Troubled waters ahead for marine life

Research from Victoria University of Wellington is investigating how coastal marine species may struggle with increasingly intense storms.

The common triplefin
The common triplefin.

The Intergovernmental Panel on Climate Change has forecasted that rising global temperatures will mean increased intensity of storms, including tropical cyclones with higher wind speeds, a wetter Asian monsoon and possibly more intense mid-latitude storms.

Victoria PhD student Becky Focht is looking to understand how species will cope with this kind of environmental disturbance by studying the common triplefin, a small marine fish found along shallow reefs and tidal pools throughout New Zealand. The triplefin experience some of the hardest impacts of big waves.

Her study has found that the triplefin eat a higher proportion of their prey in calmer conditions.

“Fish that live in more wave-exposed areas are bigger, but when there are more waves they eat significantly less prey,” says Ms Focht.

“I'm not yet sure why—but it does suggest that predators are more adversely affected by environmental stress than prey. This could have larger implications—a decline in predation rate or boost to populations of prey.”

Ms Focht says marine species have mechanisms to survive these events but human activity is pushing the limit.

“Humans rely on the oceans for food, transport, energy and recreation, but this takes a toll on the millions of marine species that live in them.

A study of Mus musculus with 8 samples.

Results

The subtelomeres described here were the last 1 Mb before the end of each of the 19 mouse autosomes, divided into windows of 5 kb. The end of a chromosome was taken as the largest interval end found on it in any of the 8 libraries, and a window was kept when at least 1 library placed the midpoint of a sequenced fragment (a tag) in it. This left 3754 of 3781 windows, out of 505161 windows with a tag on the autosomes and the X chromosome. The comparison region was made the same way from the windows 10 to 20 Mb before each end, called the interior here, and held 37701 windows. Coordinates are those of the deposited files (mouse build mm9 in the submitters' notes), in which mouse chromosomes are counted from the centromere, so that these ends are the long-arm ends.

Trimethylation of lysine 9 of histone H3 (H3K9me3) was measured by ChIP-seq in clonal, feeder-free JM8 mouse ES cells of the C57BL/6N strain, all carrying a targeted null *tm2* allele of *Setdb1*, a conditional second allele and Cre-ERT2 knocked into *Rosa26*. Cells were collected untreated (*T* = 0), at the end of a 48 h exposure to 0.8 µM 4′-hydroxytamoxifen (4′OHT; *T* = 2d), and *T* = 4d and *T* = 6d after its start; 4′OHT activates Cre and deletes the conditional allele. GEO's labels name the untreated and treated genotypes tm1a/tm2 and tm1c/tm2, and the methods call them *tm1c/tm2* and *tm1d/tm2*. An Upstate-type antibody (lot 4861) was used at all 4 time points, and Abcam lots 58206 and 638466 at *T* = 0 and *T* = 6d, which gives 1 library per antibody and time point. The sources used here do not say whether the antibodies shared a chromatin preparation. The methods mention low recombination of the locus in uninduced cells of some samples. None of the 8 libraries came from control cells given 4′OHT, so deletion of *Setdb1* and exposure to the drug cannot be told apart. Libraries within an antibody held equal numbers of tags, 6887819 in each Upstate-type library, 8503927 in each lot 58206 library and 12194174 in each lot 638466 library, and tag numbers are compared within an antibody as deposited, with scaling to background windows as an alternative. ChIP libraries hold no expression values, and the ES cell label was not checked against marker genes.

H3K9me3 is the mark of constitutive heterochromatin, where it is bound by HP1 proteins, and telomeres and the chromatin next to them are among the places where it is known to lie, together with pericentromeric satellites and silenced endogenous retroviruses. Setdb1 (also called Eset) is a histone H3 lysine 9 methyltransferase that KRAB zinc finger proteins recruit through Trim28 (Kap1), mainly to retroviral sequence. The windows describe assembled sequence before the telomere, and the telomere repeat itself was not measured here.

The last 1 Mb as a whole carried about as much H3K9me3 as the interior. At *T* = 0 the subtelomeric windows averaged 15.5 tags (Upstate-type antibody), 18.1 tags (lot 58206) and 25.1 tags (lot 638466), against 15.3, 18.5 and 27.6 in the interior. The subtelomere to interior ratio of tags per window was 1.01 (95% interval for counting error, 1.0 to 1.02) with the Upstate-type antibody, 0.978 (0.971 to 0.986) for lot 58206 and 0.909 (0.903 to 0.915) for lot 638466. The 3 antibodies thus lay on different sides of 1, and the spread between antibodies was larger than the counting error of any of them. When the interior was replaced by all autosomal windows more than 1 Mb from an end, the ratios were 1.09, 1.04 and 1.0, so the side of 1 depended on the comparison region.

“It’s important that we understand what their coping strategies are to determine the long-term impacts of humans.”

The study was conducted at the Victoria University Coastal Ecology Laboratory (VUCEL) in Wellington’s Island Bay using a dump bucket system to simulate waves. The triplefin were fed food in buckets that were either experiencing wave events, had no waves, or had been in waves and then were moved to calm water.

Ms Focht’s research is supervised by VUCEL’s Professor Jeff Shima and supported by the Marsden Fund Council from Government funding, managed by the Royal Society of New Zealand.

Ms Focht presented her study this week at the joint 2016 New Zealand Marine Sciences Society and Australian Marine Sciences Association conference held at Victoria University’s Kelburn campus.

The four-day event included more than 350 international marine scientists discussing the latest advances in marine science, the competing demand for fisheries and other marine resources and the scientific work needed to help manage that demand, as well as how climate change is affecting the marine environment.